Passing on the Comfort

Nov 20

Many of you heard Joni Eareckson Tada’s radio program about my story that aired last week.  It was so touching to hear from folks all over the country that heard the program and were moved to contact me.  If you did not get to listen, here is the link to both the audio (you don’t have to download the MP3 — you can just listen by pushing play) and the actual text of what she said.  She did a beautiful job of telling my story.  I was extremely impressed.  Most people are not totally accurate about certain details or are not able to convey the gravity of what happened.  Joni’s retelling was excellent both in her words spoken and clearly through the “homework” she had done.  Thanks again, Joni!

Seeing Joni share the story of her life and now having heard her reflect on my story has provided me so much comfort.  This incredible woman has long lived out a principle that I love and very much long to emmulate: comfort others with the comfort you have recieved.  A wise person is one who can pull back the seemingly all-encompassing curtain of their immediate circumstances and see a bigger picture, a future and a hope.  An even wiser person is one who can share that hope with others who are desperately seeking it too.  I’ve been given the opportunity to do that for a long time now and the beautiful thing is that it creates a perpetual cycle.  When I offer my story to comfort others, not only are they hopefully comforted in their own situations, but I am amazingly comforted again by the act of comforting another.  I have found tremendous purpose, hope, and perseverance linked to this simple but profound action.

Recently, we have come across the story of a young couple, Will and Angie Gray, similar to us in so many ways, following the Lord and their dreams in the City of Angels.  The Grays are friends with some of our closest friends, and sadly, they have recently been dealt a devastating medical diagnosis that will require intense surgical intervention in the next week.  Despite their youth, they have graciously shared their struggles and maintained a not-of-this-world, hopeful perspective that has already encouraged and comforted so many people, the Wolfs included.  This lovely couple has been so heavy on our hearts since we heard this news.  We invite you to pray for them with us as they go through and grow through this exceptionally difficult time.  Let me shout a big #GOTEAMGRAY!!!!  (click the link to see the fantastic website created to share Will’s story and to inspire the body of Christ to come along side this couple in their great time of need).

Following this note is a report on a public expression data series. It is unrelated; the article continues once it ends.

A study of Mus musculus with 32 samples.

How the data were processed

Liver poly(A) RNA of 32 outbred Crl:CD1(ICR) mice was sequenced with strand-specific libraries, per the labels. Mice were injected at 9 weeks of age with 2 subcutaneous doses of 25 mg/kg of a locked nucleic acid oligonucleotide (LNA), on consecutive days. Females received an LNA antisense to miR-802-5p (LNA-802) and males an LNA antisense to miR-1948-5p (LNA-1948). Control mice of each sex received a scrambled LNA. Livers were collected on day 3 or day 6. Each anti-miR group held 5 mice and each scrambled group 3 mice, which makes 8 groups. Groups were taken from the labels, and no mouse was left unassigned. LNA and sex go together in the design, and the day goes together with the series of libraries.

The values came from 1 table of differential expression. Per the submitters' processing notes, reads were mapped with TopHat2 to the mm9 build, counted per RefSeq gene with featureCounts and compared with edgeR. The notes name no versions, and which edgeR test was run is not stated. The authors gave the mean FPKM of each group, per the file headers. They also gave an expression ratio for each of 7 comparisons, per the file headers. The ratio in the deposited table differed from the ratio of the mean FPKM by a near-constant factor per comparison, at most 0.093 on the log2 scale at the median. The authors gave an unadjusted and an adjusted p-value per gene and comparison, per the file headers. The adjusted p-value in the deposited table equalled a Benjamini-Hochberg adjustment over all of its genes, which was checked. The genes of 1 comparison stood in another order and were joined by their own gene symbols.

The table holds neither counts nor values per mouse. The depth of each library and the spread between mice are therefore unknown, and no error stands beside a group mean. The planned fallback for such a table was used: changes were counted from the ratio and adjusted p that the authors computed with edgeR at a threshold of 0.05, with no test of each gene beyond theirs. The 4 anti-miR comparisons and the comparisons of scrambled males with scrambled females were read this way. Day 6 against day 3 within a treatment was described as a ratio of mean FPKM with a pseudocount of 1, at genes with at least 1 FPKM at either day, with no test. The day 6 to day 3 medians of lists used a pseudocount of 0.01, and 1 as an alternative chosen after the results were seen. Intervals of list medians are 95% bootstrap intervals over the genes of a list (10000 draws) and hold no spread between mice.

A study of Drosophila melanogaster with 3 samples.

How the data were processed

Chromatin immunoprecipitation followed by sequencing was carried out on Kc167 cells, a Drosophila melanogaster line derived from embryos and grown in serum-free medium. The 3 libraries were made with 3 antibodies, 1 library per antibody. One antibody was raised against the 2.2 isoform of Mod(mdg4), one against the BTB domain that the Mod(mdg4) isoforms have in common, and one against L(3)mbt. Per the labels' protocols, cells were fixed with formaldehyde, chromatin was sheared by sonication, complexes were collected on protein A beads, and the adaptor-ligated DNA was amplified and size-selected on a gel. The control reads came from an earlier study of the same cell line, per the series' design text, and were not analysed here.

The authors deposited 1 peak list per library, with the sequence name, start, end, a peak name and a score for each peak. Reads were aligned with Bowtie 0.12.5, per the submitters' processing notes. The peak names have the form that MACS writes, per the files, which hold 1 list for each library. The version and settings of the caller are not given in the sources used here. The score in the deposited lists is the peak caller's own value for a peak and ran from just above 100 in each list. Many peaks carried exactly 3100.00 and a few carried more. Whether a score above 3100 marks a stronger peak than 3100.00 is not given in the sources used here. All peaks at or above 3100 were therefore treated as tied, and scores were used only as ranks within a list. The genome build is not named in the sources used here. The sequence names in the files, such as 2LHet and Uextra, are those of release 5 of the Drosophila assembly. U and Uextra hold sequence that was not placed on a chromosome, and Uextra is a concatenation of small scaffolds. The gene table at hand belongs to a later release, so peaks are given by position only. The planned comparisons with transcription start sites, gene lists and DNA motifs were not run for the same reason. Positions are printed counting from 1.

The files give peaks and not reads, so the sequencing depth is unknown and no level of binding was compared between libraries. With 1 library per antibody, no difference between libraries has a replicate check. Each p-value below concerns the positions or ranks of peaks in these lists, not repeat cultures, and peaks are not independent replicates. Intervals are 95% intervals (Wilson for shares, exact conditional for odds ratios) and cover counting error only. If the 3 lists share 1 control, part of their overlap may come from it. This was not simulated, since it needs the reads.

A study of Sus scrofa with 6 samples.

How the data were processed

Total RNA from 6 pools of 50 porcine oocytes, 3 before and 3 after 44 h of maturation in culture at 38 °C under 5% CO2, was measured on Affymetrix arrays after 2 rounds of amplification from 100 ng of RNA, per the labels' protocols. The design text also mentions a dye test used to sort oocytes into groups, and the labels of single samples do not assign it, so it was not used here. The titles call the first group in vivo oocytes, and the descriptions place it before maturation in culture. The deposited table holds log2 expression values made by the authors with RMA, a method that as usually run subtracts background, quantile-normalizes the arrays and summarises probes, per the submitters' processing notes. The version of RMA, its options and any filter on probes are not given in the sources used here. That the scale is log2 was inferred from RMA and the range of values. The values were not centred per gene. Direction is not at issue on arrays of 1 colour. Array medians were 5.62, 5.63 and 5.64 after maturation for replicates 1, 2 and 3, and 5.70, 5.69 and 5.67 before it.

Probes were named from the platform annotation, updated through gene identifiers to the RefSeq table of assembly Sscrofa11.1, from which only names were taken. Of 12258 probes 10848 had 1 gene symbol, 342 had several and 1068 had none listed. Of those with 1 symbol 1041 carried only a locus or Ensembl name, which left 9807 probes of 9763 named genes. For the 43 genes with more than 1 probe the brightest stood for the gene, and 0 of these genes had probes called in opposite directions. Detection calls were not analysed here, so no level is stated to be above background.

Interestingly enough, God, as only God can do, has worked it out for me and Jay to be at UCLA (for my annual MRI to monitor my aneurysm) on November 27th, the same day as Will’s surgery (also at UCLA).  I have chills.  I am so grateful for the opportunity to now sit in a waiting room with another person, as so many have sat in waiting rooms on my behalf.  Our stories are so different in many ways, yet intense suffering gives you entry to a very unique and very unwanted club, of sorts.   You can embrace or push so hard to reject, but either way, you’re in it.

I would be lying if I said I relished the moment to minister to others in a hospital setting.  I recognize the deep importance of passing on comfort to others, but there is so much pain inherent in such a waiting room, and I don’t enter that lightly.  What I do know is that there is a no greater need in such a circumstance than hope, and often the greatest conduit of hope in that place is from one who is been there before themselves.  Perhaps that comfort and hope will come in sharing words, maybe in just sharing a presence, but certainly in sharing prayers.  I invite you all to join me and Jay in praying for this dear couple, particularly on November 27 but beyond that, as well.  And if you have been given comfort, which we all have in various ways, don’t wait to share that with someone in your life who needs it today.

2 Corinthians 1: 3 – 7 : Praise be to the God and Father of our Lord Jesus Christ, the Father of compassion and the God of all comfort, who comforts us in all our troubles, so that we can comfort those in any trouble with the comfort we ourselves have received from God.  For just as the sufferings of Christ flow over into our lives, so also through Christ our comfort overflows.  If we are distressed, it is for your comfort and salvation; if we are comforted, it is for your comfort, which produces in you patient endurance of the same sufferings we suffer.  And our hope for you is firm, because we know that just as you share in our sufferings, so also you share in our comfort.